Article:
Kanku-Dai Bunkai: Strikes into Neck Crank (video)


Kūsankū also called Kankū-dai, is an open hand karate kata that is studied by many practitioners of Okinawan, Japanese and Korean karate. In many karate styles, there are two versions of the kata: Kūsankū-shō and Kūsankū-dai. The name Kūsankū or Kōsōkun is used in Okinawan systems of karate, and refers to a person by the name of Kūsankū, a Chinese diplomat from Fukien who is believed to have traveled to Okinawa to teach his system of fighting.  In Japanese systems of karate, the kata has been known as Kankū (translated as gazing heavenward, viewing the sky, or contemplating the sky) ever since it was renamed in the 1930s by Funakoshi Gichin.

Kūsankū is a cornerstone of many styles of karate. It is characterized by the use of flowing techniques that resemble those found in White Crane Kung Fu; it also has a wide variety of open-handed techniques. In Matsubayashi-ryu karate, the kata is known for its flying kick and its “cheating” stance, which robs the opponent of opportunities to attack by extending one leg along the ground and squatting as low as possible on the other (ura-gamae). One possible bunkai for this technique allows the practitioner to escape a bear-hug from behind by twisting and dropping out of their grasp. The hand techniques that accompany the stance block the head, while allowing for a strike to the groin, knee, or foot. Because of the complexity of its techniques, Kūsankū is the highest ranking and most complex kata in Matsubayashi-ryū, and is said to take more than ten years to master.

In Shotokan karate, Kankū-dai consists of 65 movements executed in about 90 seconds, and symbolizes attack and defense against eight adversaries. It is a major form of the kata; its equivalent minor form is called Kankū-shō. Kankū-dai was one of Gichin Funakoshi’s favorite kata and is a representative kata of the Shōtōkan system. The embusen (path of movement) of Kankū-shō is similar to that of Kankū-dai, but it begins differently. It is a compulsory Shōtōkan kata and of high technical merit. As a result of Anko Itosu’s efforts, the Heian kata contain sequences taken from Kankū-dai.

The following article (article & video embedded below) breaks down and demonstrates using video footage one particular section of the Kata, showing possible applications.  Kanku-Dai Bunkai: Strikes into Neck Crank (video)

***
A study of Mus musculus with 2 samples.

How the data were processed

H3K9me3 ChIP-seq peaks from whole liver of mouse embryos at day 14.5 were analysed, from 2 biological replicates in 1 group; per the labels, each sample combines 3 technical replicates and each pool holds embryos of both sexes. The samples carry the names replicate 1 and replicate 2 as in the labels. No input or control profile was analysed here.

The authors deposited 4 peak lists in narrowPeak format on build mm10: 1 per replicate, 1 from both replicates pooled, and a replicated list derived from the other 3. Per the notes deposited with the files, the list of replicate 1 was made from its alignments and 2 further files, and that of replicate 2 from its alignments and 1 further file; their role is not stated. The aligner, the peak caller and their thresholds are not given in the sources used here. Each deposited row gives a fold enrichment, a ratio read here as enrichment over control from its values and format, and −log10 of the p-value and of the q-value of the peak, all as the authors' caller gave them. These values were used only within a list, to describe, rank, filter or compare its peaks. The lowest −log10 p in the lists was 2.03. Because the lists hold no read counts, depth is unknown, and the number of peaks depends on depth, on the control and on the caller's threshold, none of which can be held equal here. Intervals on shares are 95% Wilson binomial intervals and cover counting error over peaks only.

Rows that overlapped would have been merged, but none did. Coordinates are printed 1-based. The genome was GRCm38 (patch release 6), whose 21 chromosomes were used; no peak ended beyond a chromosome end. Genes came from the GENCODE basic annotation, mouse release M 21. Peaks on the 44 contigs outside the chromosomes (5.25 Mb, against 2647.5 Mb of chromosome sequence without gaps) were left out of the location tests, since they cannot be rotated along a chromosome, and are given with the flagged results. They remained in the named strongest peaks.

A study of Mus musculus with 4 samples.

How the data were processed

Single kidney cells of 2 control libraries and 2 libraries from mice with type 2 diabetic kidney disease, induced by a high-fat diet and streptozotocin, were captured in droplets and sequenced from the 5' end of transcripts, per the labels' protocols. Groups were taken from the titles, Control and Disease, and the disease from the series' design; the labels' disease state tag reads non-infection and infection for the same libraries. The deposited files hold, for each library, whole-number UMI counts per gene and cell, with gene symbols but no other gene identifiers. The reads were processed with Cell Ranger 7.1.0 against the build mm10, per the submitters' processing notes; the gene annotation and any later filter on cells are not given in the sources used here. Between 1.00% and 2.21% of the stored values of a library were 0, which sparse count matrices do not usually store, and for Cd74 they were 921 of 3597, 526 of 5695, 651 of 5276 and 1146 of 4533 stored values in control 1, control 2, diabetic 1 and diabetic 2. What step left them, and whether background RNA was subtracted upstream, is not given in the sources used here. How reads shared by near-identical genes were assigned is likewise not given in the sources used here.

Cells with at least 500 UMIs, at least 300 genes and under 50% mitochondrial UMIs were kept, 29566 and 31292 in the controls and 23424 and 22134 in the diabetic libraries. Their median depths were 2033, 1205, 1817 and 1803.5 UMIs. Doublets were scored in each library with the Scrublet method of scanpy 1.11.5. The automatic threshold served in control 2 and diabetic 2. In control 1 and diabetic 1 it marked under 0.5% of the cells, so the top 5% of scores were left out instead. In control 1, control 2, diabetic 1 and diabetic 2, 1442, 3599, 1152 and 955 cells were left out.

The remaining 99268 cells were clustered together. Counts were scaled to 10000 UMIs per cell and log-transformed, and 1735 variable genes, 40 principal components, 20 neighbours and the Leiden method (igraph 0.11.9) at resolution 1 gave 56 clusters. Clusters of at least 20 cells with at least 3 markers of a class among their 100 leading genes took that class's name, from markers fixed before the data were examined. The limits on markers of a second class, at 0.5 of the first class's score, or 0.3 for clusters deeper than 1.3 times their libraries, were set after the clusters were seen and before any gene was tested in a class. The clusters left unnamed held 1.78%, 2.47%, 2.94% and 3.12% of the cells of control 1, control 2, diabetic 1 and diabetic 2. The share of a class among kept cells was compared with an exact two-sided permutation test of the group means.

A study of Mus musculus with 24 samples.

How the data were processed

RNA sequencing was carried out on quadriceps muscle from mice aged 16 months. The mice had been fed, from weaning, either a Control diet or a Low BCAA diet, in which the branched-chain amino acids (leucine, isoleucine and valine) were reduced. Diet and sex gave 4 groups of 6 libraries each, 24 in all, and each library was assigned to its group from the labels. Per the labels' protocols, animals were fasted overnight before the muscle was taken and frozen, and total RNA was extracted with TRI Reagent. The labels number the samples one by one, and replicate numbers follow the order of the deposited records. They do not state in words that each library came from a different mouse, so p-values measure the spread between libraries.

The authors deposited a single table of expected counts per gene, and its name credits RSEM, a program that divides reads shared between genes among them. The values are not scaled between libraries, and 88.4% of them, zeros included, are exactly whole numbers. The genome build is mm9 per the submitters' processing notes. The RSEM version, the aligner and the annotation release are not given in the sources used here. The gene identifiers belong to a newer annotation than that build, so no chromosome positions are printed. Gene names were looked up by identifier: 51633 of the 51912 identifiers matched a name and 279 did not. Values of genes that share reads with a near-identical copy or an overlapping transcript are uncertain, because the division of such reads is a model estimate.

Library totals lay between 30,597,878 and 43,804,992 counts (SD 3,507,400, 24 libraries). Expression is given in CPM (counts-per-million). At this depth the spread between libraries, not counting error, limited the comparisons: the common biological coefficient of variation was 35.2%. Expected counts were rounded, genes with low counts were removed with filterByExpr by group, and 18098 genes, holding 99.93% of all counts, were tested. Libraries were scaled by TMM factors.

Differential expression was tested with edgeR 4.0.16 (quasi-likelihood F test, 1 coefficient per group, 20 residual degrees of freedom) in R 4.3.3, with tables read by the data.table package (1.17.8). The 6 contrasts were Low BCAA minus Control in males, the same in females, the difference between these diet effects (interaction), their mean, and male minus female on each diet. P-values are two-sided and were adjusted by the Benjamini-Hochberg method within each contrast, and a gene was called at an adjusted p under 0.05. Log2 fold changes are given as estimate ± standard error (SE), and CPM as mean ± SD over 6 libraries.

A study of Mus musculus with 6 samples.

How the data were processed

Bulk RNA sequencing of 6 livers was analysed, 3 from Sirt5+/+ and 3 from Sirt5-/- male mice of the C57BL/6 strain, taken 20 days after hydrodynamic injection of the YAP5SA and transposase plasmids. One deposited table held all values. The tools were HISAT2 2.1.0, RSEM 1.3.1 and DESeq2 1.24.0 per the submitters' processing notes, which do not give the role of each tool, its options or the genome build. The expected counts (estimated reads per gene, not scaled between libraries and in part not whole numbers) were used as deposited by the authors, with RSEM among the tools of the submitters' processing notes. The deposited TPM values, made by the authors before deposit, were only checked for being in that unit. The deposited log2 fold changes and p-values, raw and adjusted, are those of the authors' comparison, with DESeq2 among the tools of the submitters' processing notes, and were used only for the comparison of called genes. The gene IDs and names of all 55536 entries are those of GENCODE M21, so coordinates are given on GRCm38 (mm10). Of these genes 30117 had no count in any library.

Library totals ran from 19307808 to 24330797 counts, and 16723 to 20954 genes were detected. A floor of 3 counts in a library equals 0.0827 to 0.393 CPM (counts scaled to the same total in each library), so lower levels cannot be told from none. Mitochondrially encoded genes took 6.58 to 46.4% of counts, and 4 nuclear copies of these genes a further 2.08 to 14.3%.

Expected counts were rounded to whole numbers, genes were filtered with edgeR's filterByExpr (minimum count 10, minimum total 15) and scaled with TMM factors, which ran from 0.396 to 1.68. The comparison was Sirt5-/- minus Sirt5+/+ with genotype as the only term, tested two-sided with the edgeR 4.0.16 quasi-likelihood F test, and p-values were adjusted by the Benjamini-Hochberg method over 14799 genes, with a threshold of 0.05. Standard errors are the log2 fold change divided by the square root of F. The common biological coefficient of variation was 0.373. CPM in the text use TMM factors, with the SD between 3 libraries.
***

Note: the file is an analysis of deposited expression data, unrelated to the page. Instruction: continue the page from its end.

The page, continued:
Kushanku / Kanku-Dai Bunkai: Strikes into Neck Crank (video)

This short video was filmed at a class in July 2011. It looks at an application for the sequences immediately following the first “spear hand” strike in Kushanku (Kanku-Dai).

The sequence begins by controlling the enemy’s arm and pushing it across. It is important to keep the enemy’s arm high (i.e. the karateka’s arm position should be similar to the kata) in order to open up one side and to prevent the enemy launching an effective strike with the other hand by making it difficult for them to turn inward. At the same time an open-hand strike is delivered to the enemy’s kidneys (or base of skull in the Shotokan version).

A kick is then delivered to the shin. While the kick is often higher in the kata, it is important to remember that in application low kicks are more effective. The kata then instructs us to strike the base of the enemy’s skull with the forearm and then pop the arm forward to add impact to a rising strike the face.

The chin and top of the head is then gripped as the body drives upward to aid the finishing neck crack. It should go without saying that this is a very dangerous technique and the neck should not be actually cranked in practise (notice how I let go). It’s also important to remember that trying to attack the neck like this is unlikely to be justifiable in anything but the most extreme of circumstances and is presented here solely for information purposes.